When Dr. Ron Pinhasi, a lecturer in prehistoric archaeology at the University College Cork, and his team of researchers excavated a cave in Armenia, they never expected to stumble upon a find of a lifetime – an impeccably well preserved prehistoric shoe. To coincide with the publication of the article, First Direct Evidence of Chalcolithic Footwear from the Near Eastern Highlands, which discusses this discovery, Dr. Pinhasi was nice enough to answer a few questions for us via email on his research, his team’s discovery and his experience with PLoS ONE.
First, a bit of detail on your scientific background – how did you become interested in archeology and biological anthropology?
As an undergraduate in Simon Fraser University, Vancouver, Canada, I enrolled in an introductory course on Human Origins and I was immediately drawn to prehistoric archaeology especially in the Old World and to the study of Human Origins.
How did your team discover the shoe?
Diana Zardaryan, an Armenian Ph.D. student, discovered a plastered pit which cuts into a floor of one of the dwelling structures. She excavated it and discovered the shoe underneath a broken vessel and in association with two horns of an adult wild goat. We have had various medieval pits and other features that are cutting into several Chalcolithic layers and so the preliminary assumption was that the shoe and other objects in the pit are only 700 years old. However, the goat’s horns were not twisted and Prof. Guy Bar-Oz, our archaeozoologist, suspected that the horns and either of the items may be of a much older age. We then took samples of the shoe’s leather and straw and sent it to two radiocarbon laboratories. Once the results arrived, we realized that it is contemporaneous with our Chalcolithic occupational phases in the cave.
Ancient human footwear has been found in other areas of the world, such as in the Arnold Research Cave and on Ötzi, the Iceman. Is this shoe unique from the other examples and what can it teach us about European footwear around 3,500 B.C.?
The Areni-1 shoe is unique as it differs in technology and style from both the Arnold Research Cave and the Ötzi footwear. The early New World slip-on shoes are made of twine while the Areni-1 shoe is made of processed leather. The Ötzi footwear is made of a combination of both. I think that the importance of our discovery is that it is the type of one-piece leather shoe that was common in parts of Europe until the 20th century. It is an example of a relatively simple invention that spread across Europe. But since the discovery of such objects is so rare we cannot be certain whether it was invented in the region of Areni-1, or perhaps much earlier in another region. It does however suggest that this invention may have a non-European (Near Eastern) origin.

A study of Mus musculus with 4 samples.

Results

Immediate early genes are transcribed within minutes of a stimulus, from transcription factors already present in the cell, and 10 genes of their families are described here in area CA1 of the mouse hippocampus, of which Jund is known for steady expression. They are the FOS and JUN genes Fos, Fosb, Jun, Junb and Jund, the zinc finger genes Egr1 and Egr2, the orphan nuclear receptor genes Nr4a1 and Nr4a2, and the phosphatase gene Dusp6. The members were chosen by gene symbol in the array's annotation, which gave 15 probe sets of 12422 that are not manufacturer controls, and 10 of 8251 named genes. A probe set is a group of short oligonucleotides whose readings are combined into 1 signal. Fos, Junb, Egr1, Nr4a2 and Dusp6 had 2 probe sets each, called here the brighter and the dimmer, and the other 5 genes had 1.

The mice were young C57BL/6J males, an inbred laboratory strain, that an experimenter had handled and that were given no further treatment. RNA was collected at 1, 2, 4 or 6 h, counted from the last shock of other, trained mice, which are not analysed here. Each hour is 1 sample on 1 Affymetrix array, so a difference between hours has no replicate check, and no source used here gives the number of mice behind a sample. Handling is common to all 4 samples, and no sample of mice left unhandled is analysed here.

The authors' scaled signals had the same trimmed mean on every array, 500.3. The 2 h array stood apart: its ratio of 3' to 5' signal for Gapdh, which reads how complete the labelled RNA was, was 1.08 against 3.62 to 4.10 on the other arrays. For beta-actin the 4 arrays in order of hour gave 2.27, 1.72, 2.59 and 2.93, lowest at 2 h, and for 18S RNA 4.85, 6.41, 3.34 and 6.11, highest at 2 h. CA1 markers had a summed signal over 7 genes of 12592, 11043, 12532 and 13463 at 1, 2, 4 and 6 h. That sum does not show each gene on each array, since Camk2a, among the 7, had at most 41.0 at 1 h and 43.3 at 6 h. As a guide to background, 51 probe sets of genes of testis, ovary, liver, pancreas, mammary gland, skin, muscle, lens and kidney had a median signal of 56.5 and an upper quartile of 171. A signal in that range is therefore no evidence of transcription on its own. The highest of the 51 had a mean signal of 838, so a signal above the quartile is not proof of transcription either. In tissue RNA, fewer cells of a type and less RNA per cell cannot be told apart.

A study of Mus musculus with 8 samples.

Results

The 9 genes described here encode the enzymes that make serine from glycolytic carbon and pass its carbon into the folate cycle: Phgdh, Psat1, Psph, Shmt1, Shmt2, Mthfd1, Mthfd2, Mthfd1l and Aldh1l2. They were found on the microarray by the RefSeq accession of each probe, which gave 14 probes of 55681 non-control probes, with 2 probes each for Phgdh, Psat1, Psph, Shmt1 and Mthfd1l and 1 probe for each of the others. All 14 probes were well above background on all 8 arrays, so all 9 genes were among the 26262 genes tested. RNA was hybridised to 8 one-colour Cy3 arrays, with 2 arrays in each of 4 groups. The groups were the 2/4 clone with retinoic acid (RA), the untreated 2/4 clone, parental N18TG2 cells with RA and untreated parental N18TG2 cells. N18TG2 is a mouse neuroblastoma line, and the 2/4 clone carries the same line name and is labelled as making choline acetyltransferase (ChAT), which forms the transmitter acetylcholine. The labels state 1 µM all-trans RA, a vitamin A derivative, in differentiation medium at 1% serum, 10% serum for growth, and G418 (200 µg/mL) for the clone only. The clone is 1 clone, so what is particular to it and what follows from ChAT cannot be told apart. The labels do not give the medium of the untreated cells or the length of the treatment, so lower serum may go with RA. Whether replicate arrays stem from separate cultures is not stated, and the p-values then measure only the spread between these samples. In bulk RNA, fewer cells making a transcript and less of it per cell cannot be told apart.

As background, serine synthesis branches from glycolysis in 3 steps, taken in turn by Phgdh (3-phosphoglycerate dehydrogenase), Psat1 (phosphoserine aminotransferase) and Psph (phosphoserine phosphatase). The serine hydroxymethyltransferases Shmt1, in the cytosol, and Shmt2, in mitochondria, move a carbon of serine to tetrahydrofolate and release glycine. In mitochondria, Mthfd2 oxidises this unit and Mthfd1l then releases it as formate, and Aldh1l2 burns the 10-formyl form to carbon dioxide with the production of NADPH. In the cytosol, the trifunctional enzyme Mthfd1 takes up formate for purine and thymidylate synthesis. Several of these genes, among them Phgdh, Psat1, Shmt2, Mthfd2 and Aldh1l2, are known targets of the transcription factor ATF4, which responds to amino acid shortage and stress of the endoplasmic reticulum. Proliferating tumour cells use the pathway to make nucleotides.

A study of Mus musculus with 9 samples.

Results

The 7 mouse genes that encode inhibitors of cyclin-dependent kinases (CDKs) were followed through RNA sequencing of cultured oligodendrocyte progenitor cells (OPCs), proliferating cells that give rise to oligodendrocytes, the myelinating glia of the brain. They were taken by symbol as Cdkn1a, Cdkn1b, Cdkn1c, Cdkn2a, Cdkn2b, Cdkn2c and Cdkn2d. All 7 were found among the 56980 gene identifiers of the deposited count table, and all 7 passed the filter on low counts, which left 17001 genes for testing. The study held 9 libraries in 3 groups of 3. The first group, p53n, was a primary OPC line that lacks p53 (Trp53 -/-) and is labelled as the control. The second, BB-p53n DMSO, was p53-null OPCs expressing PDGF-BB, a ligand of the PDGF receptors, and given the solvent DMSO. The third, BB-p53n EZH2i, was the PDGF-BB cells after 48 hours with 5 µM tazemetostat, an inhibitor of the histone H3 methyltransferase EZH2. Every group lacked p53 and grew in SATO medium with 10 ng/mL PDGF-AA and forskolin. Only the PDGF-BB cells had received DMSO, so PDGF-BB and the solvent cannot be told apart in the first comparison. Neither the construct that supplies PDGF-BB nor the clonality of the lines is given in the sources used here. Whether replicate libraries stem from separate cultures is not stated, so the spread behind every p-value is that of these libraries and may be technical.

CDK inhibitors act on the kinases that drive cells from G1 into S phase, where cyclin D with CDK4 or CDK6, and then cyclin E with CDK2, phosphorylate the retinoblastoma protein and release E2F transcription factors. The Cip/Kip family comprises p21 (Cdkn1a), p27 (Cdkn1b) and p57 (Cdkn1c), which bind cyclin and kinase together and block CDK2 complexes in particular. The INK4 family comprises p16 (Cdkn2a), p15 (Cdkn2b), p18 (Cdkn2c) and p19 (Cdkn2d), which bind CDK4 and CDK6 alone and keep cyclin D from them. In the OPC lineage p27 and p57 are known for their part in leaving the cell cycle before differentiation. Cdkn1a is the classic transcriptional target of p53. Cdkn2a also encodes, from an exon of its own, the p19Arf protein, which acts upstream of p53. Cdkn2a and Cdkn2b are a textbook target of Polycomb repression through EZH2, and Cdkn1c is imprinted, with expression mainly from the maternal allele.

Do you know who the shoe belonged to or why it was in a clay pot?
It is a U.S. size 7 (women) shoe and it is more likely that it was worn by a female but…it may have belonged to a small male or to an adolescent. The shoe shows indications that it has been used for walking- impression of the big toe, and several of the eyelets have been repaired by cutting new ones. At the same time, there is very little wear on the sole part of the shoe and considering the rocky terrain in this region and on the basis of ethnographic information, it is clear that the shoe was not worn to the point that it has to be discarded. This suggests that the pit was more than likely not a discard feature…but we can speculate that it may have had a ritualistic or symbolic context. We hope that the next seasons will reveal more about the nature of the Chalcolithic occupational phases in this cave and the various functions of the various chambers and galleries inside it.
During the course of your research, what was your most surprising discovery?
The shoe and the 3 children skulls each in a separate vessel were the most surprising discoveries in Areni-1 and since I started excavating in Armenia in 2005. But this is archaeology: at times, you have great expectations, which end up in disappointment; while at other times, when you do not anticipate any major discovery you have a sensational find.
What is your next big research project or where would you like to go from here?
My main focus is the much earlier Lower Middle and Upper Paleolithic periods. I am directing with Prof. Daniel Adler (University of Connecticut) the excavation of a Middle Paleolithic site of Lusakert 1 in Armenia with a focus on studying late Neanderthal survival and extinction and the first arrival of modern humans in the southern Caucasus. I am also the Principal Investigator of a Science Foundation of Ireland project that looks at Neanderthal phylogeography in the southern vs. northern Caucasus which involves study of Neanderthal ancient DNA, and new chronometric dating of key sites in southern Russia, Georgia and Armenia. However, I am still hoping that we will find new sites with Neolithic strata as I am very interested in the origins of agriculture, pastoralism and early animal domestication (especially sheep and goat) in this region.
Since this is your second PLoS ONE paper, why did you decide to submit to us again?
I strongly support the open-access policy of PLoS and the fact that PLoS ONE is a peer-reviewed journal which accepts primary research manuscripts from any scientific field. I had very good experiences with PLoS both in 2005 (PLoS Biology) and with PLoS ONE last year. I greatly value your professionalism, speed, etc. and I intend to continue and submit papers to PLoS.